In the 19th century, anybody who had the means would flee the stifling heat of the cities and head for someplace green and shady and cool: a country house, a spa perhaps, or maybe just a modest cabin by a lake.
In the 19th century, it was Brahms who set the fashion for composers to spend their summer months in the countryside working on their music. His Violin Concerto and Second Symphony were the products of leisurely weeks spent in the lake district of Austria’s Carinthian Alps.
For the American composer Edward Collins, who lived from 1886-1951, the city to be escaped was Chicago, and his country refuge was Cedar Lake, Wisconsin. In 1931, Collins composed a Concert Piece for Piano and Orchestra. Like much of Collins’ music, it was premiered by the Chicago Symphony under conductor Frederick Stock, who encouraged young American talent, especially from a local boy like Collins, a native of Joliet, Illinois.
These days the music of Edward Collins has all but disappeared from American concert halls, but conductor Marin Alsop and the Concordia Orchestra recorded a sampling of his major orchestral works for a compact disc series funded by the late composer’s family.
Music Played in Today's Program
Edward J. Collins (1889 – 1951) Concert Piece in A minor Leslie Stifelman, piano; Concordia Orchestra; Marin Alsop, cond. Albany 267
On This Day
1813 - American composer and journalist, William Henry Fry, in Philadelphia (see also August 10);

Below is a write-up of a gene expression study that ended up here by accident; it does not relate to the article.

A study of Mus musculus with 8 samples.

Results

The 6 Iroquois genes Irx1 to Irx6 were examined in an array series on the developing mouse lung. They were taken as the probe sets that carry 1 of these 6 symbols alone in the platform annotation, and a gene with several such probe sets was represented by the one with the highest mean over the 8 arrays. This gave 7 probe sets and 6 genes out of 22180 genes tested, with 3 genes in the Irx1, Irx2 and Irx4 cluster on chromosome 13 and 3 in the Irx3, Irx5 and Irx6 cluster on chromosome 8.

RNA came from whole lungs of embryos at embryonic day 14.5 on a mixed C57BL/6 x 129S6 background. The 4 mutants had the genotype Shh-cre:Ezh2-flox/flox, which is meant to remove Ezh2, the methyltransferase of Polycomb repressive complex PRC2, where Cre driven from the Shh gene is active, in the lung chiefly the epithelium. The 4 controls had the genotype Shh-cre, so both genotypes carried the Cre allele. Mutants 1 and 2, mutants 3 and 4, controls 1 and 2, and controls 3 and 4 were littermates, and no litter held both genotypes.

1881 - Rumanian composer, violinist, and conductor Georges Enesco (Enescu), in Liveni-Virnaz;
1929 - Russian ballet impressario Sergei Diaghilev, age 57, in Venice;
1952 - Ginastera: ballet "Estancia," in Buenos Aires;
1957 - Bernstein: musical "West Side Story," as a trial run in Washington, D.C. at the National Theater, choreography and direction by Jerome Robbins, conducted by Max Goberman; The show opened in New York City at the Winter Garden on September 26, 1957;
1961 - Peggy Glanville-Hicks: opera "Nausicaa," in Athens, Greece;
1988 - Lutoslawski: Piano Concerto, at the Salzburg Festival in Austria;
1990 - At Tanglewood, Leonard Bernstein conducts the Boston Symphony in Britten's "Three Sea Interludes" from "Peter Grimes" and Beethoven's Symphony No. 7 at his last concert appearance before his death; On the same program, Carl St. Clair conducted a performance of Bernstein's "Arias and Barcarolles" (as orchestrated by Bright Sheng); The Bernstein-led performances from this concert have been issued on compact disc on the Deutsche Grammophon label.
Host John Birge presents a daily snapshot of composers past and present, with timely information, intriguing musical events and appropriate, accessible music related to each.
He has been hosting, producing and performing classical music for more than 25 years. Since 1997, he has been hosting on Minnesota Public Radio's Classical Music Service. He played French horn for the Cincinnati Symphony and Pops Orchestra and performed with them on their centennial tour of Europe in 1995. He was trained at the Cincinnati College-Conservatory of Music, Eastman School of Music and Interlochen Arts Academy.